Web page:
Bank of America officials have reportedly gotten behind a plan to create a Federal Homeownership Preservation Corp. that would buy billions in mortgages that might otherwise end up in foreclosure.

In a proposal to congressional lawmakers, BofA officials warn that up to $739 billion in mortgages are at risk of default in the next five years, and that the government intervention is needed, the New York Times reported.

BofA is backing a proposal by Sen. Chris Dodd, D-Conn., to create a government-chartered corporation that would buy up troubled mortgages from lenders and investors at a discount, and move homeowners into 30-year fixed-rate mortgages backed by Fannie Mae, Freddie Mac or the Federal Housing Administration (FHA).

As envisioned by Dodd, the Federal Homeownership Preservation Corp. would need $10 billion to $20 billion in startup capital, and then be self-sustaining. Dodd maintains such an effort would not constitute a bailout of lenders and investors, because only those willing to take a “haircut” and sell their loans at a discount would be eligible to participate (see Inman News story).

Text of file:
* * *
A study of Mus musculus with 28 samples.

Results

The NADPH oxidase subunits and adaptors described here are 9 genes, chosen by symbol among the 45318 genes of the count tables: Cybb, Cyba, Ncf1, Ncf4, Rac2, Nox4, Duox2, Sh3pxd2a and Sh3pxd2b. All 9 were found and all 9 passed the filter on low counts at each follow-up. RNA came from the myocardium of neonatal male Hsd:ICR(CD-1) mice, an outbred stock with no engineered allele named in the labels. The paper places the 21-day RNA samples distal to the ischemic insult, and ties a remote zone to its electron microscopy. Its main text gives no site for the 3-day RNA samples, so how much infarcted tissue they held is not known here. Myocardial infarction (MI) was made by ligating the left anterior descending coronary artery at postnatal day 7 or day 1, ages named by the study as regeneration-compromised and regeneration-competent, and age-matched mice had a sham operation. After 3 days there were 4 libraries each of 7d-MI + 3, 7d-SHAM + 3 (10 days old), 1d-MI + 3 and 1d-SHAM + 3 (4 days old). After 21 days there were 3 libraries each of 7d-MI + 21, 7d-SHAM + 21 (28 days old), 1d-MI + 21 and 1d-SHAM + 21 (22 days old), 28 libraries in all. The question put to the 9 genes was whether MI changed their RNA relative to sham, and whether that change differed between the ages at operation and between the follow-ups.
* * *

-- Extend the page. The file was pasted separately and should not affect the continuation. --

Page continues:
In their proposal to lawmakers, BofA officials warned that “any intervention by the federal government will be acceptable only if it is not perceived as a bailout of the bond market,” the Times reported. A BofA spokesman did not respond to a request for comment by press time.

Moody’s Economy.com last week estimated that nearly 8.8 million homeowners owe more on their mortgages than their homes are worth. As home-price declines put more homeowners upside down, the Bush administration may now be willing to explore rescue options. Treasury Department officials are scheduled to meet with lending industry executives this week, the Times reported.

Last week the director of the Office of Thrift Supervision said OTS is looking at creating negative-equity certificates that would allow upside-down borrowers to refinance into more affordable loans. Borrowers would be able to take out FHA-backed loans to repay part of their principal, with the balance of the loan converted into a certificate that the original lender could cash in if the home is later sold for more than its assessed value at refinancing.

Congress is also weighing bills that would allow bankruptcy judges to “cram down” loan modifications over the objections of lenders to help troubled borrowers in their homes (see story).